Summer Breeze Lot 27 Gallery 53


DCP03275.JPG (113541 bytes)    July 1, 2005 - Friday - This shot shows the gas line coming into the home in the wall between the shower/tub in the guest bathroom and the built in computer desk.  We have made a distribution "manifold" out of black steel pipe with four "ports" on it.  There is one port each for the laundry room, Bar-B-Que on the grilling deck, the fireplace, and the stove/range.  We have chose to bring the WardFlex down to the manifold on two of the runs and you can see one of the pieces of WardFlex dangling down from above prior to getting connected to the manifold.  The brass fittings seen on the manifold are used to connect the CSST to the black steel pipe.  Since the manifold is so close to the location of the range, we just used a piece of black steel for this run which you can see going out of the picture on the right side.

DCP03266.JPG (97970 bytes)    June 30, 2005 - Thursday - Many times in a large project, certain things have to be completed before others can be started.  That is the case here.  In the laundry room we will only install a gas outlet for the clothes dryer.  However, we want to make it real easy for a future owner to convert the water heater to gas if they decide to do so.  With that in mind, the gas line in the laundry room must be exposed to facilitate this possible future expansion.  Since we don't want to go to the trouble of putting sheet rock under this exposed gas line, we must install the sheet rock prior to plumbing the gas line.  Furthermore, we have to install the box to dress out the clothes washer water supplies and drain before installing the sheet rock!  This picture shows the PEX tubing connecting to the washing machine water valves on top of the box, and the drain connected on the bottom.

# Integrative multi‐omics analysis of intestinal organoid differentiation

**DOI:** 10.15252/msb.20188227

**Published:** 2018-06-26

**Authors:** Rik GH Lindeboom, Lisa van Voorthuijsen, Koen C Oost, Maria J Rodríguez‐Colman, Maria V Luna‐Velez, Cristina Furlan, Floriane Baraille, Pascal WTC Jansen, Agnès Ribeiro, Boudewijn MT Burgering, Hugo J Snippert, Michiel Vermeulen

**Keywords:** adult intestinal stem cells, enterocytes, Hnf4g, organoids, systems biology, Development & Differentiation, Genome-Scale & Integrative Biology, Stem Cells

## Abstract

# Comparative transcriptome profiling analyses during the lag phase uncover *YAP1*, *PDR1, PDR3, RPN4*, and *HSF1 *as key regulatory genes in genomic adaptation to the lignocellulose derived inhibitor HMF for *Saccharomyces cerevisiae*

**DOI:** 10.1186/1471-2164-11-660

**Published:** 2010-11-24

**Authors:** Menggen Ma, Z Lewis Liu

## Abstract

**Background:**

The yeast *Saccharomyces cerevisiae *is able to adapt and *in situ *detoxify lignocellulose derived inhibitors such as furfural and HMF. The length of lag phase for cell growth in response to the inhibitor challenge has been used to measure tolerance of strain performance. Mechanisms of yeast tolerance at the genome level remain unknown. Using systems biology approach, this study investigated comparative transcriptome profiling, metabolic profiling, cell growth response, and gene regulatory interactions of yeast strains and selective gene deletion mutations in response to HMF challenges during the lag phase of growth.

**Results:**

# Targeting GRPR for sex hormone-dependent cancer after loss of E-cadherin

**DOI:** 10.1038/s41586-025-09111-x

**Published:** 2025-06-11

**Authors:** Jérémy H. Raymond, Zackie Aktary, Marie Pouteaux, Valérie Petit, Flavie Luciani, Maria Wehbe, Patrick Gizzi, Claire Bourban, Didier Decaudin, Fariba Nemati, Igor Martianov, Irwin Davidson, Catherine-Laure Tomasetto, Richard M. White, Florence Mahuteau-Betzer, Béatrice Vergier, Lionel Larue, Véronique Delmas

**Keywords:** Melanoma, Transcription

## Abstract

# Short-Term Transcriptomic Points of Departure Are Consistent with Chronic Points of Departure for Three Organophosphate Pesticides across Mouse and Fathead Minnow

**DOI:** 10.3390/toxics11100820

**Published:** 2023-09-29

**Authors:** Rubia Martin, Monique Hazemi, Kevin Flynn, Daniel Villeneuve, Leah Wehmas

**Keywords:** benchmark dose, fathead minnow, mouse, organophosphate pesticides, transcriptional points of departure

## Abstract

DCP03269.JPG (108058 bytes)    July 1, 2005 - Friday - This picture shows the piece of sheet rock installed.  We can install this piece of sheet rock since everything it covers has passed inspection, that being the plumbing and electrical.  The Seisco water heater can be seen mounted to the wall, and on the other side of the water heater the black steel gas line can be seen coming down from the ceiling.  

DCP03270.JPG (106390 bytes)    July 1, 2005 - Friday - This is a view from the other side of the laundry room.  The black steel gas pipe can be seen better in this shot.  In keeping with building the best homes we know how, notice we provide both a gas and electrical outlet for the clothes dryer.  This allows the owner to easily use which ever type of dryer they chose.